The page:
What does forgiveness mean? The dictionary defines it this way: forgiving or being forgiven, inclination to forgive or pardon. Let’s see what God’s Word says. In Psalm 32:1–2 we read, “Blessed is he whose transgression is forgiven, whose sin is covered. Blessed is the man unto whom the Lord imputeth not inquity and in whose spirit there is no guile.”
I could stop, there but let’s see what else God’s Word says.
First, do you like to be blessed? God says, “Blessed is he whose sins are forgiven.” I don’t know about you, but I want all of God’s blessing. Jesus taught in Matthew 18:21–22: “Peter went to Him and said, Lord how oft shall my brother sin against me, and I forgive him? Till seven times. Jesus saith unto him, I say not unto thee until seven times: but, until seventy times seven.” Doing the math, that equals 490 times. We sometimes have a problem with forgiving someone just one time, but Jesus said to forgive them 490 times—in other words, a continual forgiveness. No matter how often someone may offend us, Jesus said to forgive them. Then in verse: 35, Jesus says: “So likewise shall my heavenly Father do also unto you, if ye from your hearts forgive not everyone his brother their trespasses.”
When we tell someone that we forgive them, mean it. Be sincere, be kind, and most of all do it in love. God loves us and is sincere when He forgives us of our sins. How so? He sent His Son into the world, not to condemn the world, but through Him we would be saved. We cannot obtain forgiveness by anything that we do; it is by love and acceptance of Jesus as Lord. Our works cannot save us. It’s our faith in Jesus that saves us.
By nature, we want to get revenge on someone who has mistreated us. Jesus said if someone smites us, we are to turn the other cheek. By our nature, we want to hold onto grudges and let things fester until we become even more bitter. By holding onto these feelings, it causes us to move farther away from Him. In these last days, we need to draw closer to Him. Hebrews 12:14–15, states: “Follow peace with all men, and holiness, without which no man shall see the Lord, looking diligently lest any man fail of the grace of God; lest any root of bitterness springing up trouble you, and thereby many be defiled.”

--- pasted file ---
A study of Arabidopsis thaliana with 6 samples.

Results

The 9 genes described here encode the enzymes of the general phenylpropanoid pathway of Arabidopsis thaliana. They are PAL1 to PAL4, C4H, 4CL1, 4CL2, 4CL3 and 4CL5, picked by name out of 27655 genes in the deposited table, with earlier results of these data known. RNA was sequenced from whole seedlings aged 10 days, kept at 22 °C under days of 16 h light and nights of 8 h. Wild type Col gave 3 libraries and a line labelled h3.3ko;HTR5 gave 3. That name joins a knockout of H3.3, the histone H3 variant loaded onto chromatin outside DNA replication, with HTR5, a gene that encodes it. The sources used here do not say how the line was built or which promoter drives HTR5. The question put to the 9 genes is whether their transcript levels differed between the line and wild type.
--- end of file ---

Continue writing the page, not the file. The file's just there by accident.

We need to understand what bitterness and unforgiveness means. It is a trait of the ungodly. Hebrews 10:30 says, “For we know him that hath said, Vengeance belongeth unto me, I will recompense, saith the Lord.” The Lord says He shall judge His people. God made it very clear by telling us that He—and He alone—takes vengeance. He is the only one who can judge.
When someone has transgressed against us, don’t hold it over their head. Do your best to let it go and move on. Ephesians 4:32 says, “Be kind one to another, tenderhearted, forgiving one another, even as God for Christ’s sake hath forgiven you.” I realize that forgiving someone goes against our very being, but we need to lay aside our human feelings and rely on the Holy Spirit to guide us.
In Romans 8:1 we read, “There is therefore now no condemnation to them which are in Christ Jesus, who walk not after the flesh, but after the spirit.” This confirms what I have been saying: We are not to condemn people, but to forgive them. Act like Christians by following the examples that Christ has set out for us. Forgive as God has forgiven. First John 1:9 says, “If we confess our sins, he is faithful and just to forgive us our sins, and to cleanse us from all unrighteousness.”
If you have not invited Jesus into your life, why not do so now? He is ready and willing to forgive you of your sins. If Jesus will forgive you, then you and I need to forgive people who have transgressed against us. Will it be easy? Probably not, but with the Lord’s help we can learn to have that forgiving heart that He wants us to have.
Without Jesus’ forgiveness, we will not spend eternity with Him.